Sat, Sep 02, 2017 - Page 9 News List

Millennial entrepreneurs value benefiting their communities

The HSBC Essence of Enterprise report shows Asia-Pacific entrepreneurs in their 20s participate twice as much in community activities and volunteering

By Kendrick Li

The entrepreneurial spirit of global millennials is more likely than their parents’ generation to be driven by the desire to increase their influence and have a positive effect on others, the Essence of Enterprise report launched by HSBC Private Banking said.

The study found that more than a quarter (26 percent) of Asia-Pacific entrepreneurs in their 20s set up their business with a view to making a name for themselves, compared with 18 percent of the over-50s.

However, millennials in this region are not simply driven by the desire for prestige, as respondents outlined their desire to use their influence to have a direct effect on their community.

Nearly a quarter of those aged 20 say having a positive impact on the community was an important goal compared with one in 10 (13 percent) of entrepreneurs aged at least 50.

In the Asia-Pacific region, young entrepreneurs are also more likely to say having this positive influence is important compared with older entrepreneurs (21 percent versus 13 percent).

This distinction between generations is most marked in Australia, where the difference moves 26 percentage points (37 percent versus 11 percent).

Overall, millennial entrepreneurs in the Asia-Pacific place as much emphasis on increasing their personal wealth as they do on bettering themselves.

While the global findings suggest shifting priorities for younger generations, those in the Asia-Pacific also demonstrate an approach that reflects financial considerations as part of their entrepreneurial mix.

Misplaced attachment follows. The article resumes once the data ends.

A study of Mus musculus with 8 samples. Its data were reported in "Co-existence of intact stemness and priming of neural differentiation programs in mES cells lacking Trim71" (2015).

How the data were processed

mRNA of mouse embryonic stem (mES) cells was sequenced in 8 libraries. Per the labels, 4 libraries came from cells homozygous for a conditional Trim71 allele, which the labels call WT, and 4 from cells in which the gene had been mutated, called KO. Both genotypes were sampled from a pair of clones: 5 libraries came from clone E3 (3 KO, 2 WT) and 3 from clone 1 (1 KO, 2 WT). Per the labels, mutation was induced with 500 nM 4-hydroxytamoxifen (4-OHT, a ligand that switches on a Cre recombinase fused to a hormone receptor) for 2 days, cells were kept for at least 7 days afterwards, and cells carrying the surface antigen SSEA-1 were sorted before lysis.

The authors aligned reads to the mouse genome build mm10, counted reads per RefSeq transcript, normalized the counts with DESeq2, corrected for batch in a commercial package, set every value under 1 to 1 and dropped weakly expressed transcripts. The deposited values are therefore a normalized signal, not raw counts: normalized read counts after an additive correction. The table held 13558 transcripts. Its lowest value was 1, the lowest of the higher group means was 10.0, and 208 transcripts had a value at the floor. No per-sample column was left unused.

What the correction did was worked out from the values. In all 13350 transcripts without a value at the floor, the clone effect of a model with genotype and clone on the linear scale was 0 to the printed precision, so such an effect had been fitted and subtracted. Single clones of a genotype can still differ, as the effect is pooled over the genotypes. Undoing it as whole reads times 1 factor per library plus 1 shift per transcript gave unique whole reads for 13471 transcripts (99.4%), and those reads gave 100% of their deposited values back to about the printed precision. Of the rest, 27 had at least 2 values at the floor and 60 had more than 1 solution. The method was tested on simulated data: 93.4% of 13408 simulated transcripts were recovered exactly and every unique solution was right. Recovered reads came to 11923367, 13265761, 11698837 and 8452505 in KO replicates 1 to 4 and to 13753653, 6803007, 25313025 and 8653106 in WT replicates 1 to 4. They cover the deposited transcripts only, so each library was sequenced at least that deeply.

Nearly half (45 percent) of millennial entrepreneurs across China, Hong Kong, Singapore and Australia say that they went into business with the goal of increasing their personal wealth, compared with 40 percent in the US and 29 percent in Europe.

Young entrepreneurs in the region were also more motivated by their passion to start their business and rank slightly above the global average (41 percent versus 38 percent), compared to only a third for the over-50s (29 percent).

Self-improvement, at 41 percent, was also one of the strongest reasons millennials became entrepreneurs, while only 35 percent of the older entrepreneurs said so.

Notably, the gap between the two global age groups widens when it comes to environmental and social considerations.

Entrepreneurs in their 20s are more likely to put a high amount of effort into tackling these issues within their business compared with the over-50s (37 percent versus 25 percent).

The divide is particularly clear in China, where nearly half of millennials focus on this area, compared with less than a quarter of the over-50s (41 percent versus 23 percent).

The research also shows that millennials spend nearly twice as long on average participating in community activities or volunteering (54 minutes versus 30 minutes on average per day).

China is again the area with the biggest discrepancy between young and old when it comes to these activities, as the time difference amounts to more than an hour extra a day (one hour and 18 minutes versus six minutes).

While millennial entrepreneurs are not as motivated to be their own boss as much as older over-50s entrepreneurs (35 percent versus 42 percent), their growth aspirations are higher, with a 14 percent annual growth rate target versus 10 percent and 12 percent in US and Europe respectively.